IMNSHO, the challenge system we currently have lends quite a bit of thrill to the game. Bluffing is certainly part of it, and anyone can be bluffed, even experts. Try as some experts might to look down on the practice of playing phonies, everyone does at some point. To a certain extent, the knowledge that a certain word IS good is sometimes just as hard to obtain as is the knowledge that it is NOT. That is to say, people have played enough to know the difference and I believe they deserve to benefit from the knowledge.
Phoney-detection strategies are as varied as players. There are a few good tips I would offer anyone, especially beginners. (These are not tailored for you, Jim, although we have played before)
1) There should be no disrespect given for those people who play phonies, although chances are if you want to get better in Scrabble, phonies will succeed less often (against better opp's) and they're less necessary as you learn the real words in the racks you play. They are essentially a crutch. You should use them when you have to. Also, don't be afraid to challenge. If you learn a new word The Hard Way the red X helps it to stick. You can use it to your advantage in some other game.
2) Playing phony 2s,3s, and 4s is a bad idea on someone who is rated higher than you. If you are going to play a phony make it a six, as not even many experts know all sixes. If you are going to do it you should play it just as confidently and quickly as you do another play. It's also said that most phonies are bastard children of two legitimate words, so if you can make this work to your advantage, work it!
3) Holding your opp. on words you're unsure of is free and may make them think twice about playing phonies if they think you may challenge that one or the next one.
4) All sorts of people are under- and overrated. Although some methodically study scrabble lists, some don't and are vulnerable. I know 1700+ players who haven't methodically studied 4s. I know 1000-level players who know their 5-vowel 8s. You never know unless you play someone enough. Make this work to your advantage! Put on your Game Face!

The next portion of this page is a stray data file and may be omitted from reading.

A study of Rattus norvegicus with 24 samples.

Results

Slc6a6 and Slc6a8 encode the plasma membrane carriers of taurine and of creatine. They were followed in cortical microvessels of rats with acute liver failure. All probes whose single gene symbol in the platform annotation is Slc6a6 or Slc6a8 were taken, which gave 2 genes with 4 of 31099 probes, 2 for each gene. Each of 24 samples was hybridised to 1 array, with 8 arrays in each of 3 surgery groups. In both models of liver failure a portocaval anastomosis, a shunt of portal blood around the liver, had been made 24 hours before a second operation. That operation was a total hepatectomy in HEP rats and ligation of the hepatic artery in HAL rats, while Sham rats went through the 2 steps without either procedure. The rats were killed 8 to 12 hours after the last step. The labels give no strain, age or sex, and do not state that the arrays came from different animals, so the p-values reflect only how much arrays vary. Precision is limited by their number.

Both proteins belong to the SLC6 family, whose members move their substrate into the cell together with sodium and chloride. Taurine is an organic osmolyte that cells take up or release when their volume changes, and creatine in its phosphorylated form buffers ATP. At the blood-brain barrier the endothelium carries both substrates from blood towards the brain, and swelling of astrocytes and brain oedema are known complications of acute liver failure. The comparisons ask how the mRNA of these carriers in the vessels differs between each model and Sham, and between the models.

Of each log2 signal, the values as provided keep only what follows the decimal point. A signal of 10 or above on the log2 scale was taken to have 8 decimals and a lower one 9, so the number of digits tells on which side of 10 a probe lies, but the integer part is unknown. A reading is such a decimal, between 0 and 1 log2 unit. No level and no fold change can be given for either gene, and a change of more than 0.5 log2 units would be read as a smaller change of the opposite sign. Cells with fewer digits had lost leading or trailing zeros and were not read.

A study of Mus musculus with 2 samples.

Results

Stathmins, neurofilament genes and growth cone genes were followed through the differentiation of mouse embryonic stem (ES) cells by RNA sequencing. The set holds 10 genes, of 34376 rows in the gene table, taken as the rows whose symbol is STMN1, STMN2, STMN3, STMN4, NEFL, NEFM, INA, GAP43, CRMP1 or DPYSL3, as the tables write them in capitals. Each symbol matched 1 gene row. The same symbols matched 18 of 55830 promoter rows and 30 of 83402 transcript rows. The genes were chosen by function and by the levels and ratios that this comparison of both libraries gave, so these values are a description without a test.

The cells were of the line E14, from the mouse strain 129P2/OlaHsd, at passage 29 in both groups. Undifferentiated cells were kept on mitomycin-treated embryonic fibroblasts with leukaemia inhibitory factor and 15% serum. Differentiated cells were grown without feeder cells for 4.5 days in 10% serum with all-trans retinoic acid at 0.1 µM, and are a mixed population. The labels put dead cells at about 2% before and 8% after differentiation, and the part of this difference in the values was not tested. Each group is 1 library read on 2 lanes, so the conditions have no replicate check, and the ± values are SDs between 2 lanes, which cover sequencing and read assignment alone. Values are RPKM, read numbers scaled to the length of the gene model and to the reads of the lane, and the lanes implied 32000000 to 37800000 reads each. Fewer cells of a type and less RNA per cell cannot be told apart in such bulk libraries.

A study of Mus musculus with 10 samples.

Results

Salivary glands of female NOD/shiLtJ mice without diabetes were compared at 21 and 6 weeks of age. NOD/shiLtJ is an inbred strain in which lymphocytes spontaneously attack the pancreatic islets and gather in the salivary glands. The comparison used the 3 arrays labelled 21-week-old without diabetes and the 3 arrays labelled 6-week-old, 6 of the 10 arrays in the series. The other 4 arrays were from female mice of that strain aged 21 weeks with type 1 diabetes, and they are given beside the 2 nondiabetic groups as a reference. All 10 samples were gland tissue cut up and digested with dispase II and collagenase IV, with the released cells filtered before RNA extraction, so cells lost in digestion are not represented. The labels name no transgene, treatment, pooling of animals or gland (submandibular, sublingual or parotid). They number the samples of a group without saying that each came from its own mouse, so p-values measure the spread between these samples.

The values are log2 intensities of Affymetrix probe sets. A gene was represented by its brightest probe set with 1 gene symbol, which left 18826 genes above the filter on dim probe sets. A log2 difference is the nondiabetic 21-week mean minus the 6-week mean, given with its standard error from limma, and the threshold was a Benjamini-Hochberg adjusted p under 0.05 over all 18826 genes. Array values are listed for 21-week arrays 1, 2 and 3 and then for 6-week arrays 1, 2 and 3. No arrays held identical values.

5) Top 100 6-letter roots are good to study because then you can reverse-engineer the letters and see if there is anything in the rack (assuming it is a phony bingo). Even just reading them over (not necessarily drilling them) goes a long way towards challenge-proofing them.
6) Learn the crazy-looking f&*^ed-up words in order to draw the challenge! Beat peeps playing STRONGYL, SMARAGDE, KAMAAINA, and all the rest. The more words you read the better off you'll be.
8) Guard against bad challenges by a) avoiding pronouncing words incorrectly in your head and b) learning parts of speech info. Example: Do not pronounce PREDIAL as [PREE-dial] because of PREDIALS*. The word is [PRAY-dee-uhl] and takes another A for PRAEDIAL, an adjective. SALTIER, on the other hand, should be pronounced [sahl-TEER] and noted for the noun it is, hence -S.
9) Every good player should exploit their opp's weaknesses. We all make strategic decisions and sometimes those pay off. If I put down LEKU hoping my opp. will S-hook it so I can challenge off LEKUS*, is this relying on their weaknesses? Hells yes! If I feel comfortable in later S-hooking it and then my opp. accepts, is that taking advantage of their weakness too? Yep. We're expected to play our best games, and that includes playing the player, not just the game.